An Indianapolis man who drew attention to a controversial animal trapping and killing proposal is pleased that the state plan was shelved on Tuesday.
But he’s still a bit concerned that the rule change might have happened.
The Indiana Natural Resources Commission on Tuesday withdrew proposals that called for a bobcat hunting season and a requirement that captured raccoons, coyotes and opossums be killed.
Department of Natural Resources Director Cameron Clark moved to withdraw the proposals during a commission meeting, and the panel adopted those motions unanimously, eliciting applause from nearly 100 people attending the meeting.
“We have heard from you. We appreciate the interest. We do feel as though we probably need to work more with our constituencies on sensitive rules like this,” Clark said.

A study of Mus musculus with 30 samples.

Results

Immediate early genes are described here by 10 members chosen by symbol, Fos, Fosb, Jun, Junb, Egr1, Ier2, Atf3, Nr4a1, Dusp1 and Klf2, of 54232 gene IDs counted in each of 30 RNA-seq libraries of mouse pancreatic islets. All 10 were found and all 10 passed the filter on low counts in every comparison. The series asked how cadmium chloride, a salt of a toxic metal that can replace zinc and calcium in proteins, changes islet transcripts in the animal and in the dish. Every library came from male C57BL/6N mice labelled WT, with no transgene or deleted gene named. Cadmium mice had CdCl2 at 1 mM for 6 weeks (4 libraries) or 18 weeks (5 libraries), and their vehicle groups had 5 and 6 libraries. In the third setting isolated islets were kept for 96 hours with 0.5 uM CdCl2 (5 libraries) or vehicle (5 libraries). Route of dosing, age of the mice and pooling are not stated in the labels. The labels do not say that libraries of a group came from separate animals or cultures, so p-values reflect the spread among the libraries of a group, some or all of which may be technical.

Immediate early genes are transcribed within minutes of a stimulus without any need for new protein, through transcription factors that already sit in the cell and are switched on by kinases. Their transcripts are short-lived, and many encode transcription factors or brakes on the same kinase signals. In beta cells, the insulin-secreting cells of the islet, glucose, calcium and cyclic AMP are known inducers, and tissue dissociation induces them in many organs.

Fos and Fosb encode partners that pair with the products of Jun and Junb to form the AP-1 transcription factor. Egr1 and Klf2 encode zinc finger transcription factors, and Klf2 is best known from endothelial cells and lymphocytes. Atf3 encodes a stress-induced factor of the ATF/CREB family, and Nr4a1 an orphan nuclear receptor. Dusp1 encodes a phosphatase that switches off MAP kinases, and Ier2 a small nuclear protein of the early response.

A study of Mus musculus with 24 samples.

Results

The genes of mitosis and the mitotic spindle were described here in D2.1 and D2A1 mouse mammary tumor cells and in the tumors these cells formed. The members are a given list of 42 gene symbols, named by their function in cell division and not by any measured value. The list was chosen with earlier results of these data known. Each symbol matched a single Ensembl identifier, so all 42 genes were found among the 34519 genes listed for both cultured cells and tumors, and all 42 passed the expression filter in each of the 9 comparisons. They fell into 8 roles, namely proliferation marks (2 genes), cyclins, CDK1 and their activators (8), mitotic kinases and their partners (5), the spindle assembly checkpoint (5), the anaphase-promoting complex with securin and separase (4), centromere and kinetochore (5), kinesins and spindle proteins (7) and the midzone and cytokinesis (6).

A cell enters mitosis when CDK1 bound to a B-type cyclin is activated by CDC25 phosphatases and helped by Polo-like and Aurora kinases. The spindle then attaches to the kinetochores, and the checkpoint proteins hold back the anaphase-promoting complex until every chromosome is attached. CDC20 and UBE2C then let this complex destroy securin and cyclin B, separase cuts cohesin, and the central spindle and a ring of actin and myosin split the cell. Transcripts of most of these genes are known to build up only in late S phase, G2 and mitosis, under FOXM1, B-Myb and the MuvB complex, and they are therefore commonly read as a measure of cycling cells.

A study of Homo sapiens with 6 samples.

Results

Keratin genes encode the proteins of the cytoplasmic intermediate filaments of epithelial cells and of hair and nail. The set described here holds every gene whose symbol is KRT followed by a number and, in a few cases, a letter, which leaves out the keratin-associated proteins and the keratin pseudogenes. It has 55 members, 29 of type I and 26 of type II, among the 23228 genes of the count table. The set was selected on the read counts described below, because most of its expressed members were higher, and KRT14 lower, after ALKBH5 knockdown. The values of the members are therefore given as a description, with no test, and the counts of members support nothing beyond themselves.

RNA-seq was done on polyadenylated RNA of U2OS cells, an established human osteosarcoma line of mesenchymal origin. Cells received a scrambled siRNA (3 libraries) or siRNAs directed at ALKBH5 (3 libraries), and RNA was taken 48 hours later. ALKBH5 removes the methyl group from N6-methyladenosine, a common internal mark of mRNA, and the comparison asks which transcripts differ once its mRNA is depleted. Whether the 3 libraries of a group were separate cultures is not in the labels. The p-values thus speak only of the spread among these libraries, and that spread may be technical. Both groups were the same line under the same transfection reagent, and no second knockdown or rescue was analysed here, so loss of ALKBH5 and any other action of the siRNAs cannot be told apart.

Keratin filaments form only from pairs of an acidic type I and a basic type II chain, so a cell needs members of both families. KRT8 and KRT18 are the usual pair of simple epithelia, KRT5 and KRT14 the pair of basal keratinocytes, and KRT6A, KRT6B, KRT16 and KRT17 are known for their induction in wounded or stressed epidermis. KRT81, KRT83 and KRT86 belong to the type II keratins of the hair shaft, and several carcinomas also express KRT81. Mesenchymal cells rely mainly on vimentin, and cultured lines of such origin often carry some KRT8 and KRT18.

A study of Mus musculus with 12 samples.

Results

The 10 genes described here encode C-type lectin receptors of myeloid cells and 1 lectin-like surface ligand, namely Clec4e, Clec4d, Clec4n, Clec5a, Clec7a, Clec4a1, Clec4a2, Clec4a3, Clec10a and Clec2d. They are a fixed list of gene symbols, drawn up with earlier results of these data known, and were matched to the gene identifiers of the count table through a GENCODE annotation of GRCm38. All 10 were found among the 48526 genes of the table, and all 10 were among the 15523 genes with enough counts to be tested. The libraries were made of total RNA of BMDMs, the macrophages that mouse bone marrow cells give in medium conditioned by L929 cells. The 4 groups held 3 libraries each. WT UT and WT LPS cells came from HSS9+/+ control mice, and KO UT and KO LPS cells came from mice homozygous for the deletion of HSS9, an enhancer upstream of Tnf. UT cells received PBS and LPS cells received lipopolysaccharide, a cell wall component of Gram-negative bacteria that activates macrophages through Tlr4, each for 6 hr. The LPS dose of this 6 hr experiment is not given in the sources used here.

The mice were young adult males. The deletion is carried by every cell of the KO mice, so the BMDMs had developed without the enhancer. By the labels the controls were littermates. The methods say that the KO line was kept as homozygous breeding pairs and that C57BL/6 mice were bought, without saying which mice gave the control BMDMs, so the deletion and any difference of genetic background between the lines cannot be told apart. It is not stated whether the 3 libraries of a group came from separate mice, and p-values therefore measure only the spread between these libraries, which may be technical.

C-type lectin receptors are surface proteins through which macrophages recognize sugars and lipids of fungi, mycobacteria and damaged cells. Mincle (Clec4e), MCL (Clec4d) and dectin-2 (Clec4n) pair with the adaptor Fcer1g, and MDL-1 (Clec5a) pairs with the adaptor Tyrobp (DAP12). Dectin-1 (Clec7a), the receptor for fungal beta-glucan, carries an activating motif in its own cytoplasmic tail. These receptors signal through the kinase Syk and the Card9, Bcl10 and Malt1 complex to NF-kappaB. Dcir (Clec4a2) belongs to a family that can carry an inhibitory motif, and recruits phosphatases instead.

The nuisance animal proposal would have required proposal would have required animal control workers to kill captured raccoons, opossums or coyotes.
Mike Meservy, owner of Advanced Pest Control in Indianapolis, and others helped bring attention to the proposal early this year when he read a letter from DNR indicating that he would have to euthanize about 150 to 200 nuisance animals he captures each year. Those animals are currently released in rural areas where he has the permission of the homeowner; animals that are clearly sick are humanely euthanized.
“I’m absolutely elated it’s over,” said Meservy. “I’m happy they listened to the concerns of the public, but I’m a little worried the rule changes might have happened if someone hadn’t complained.”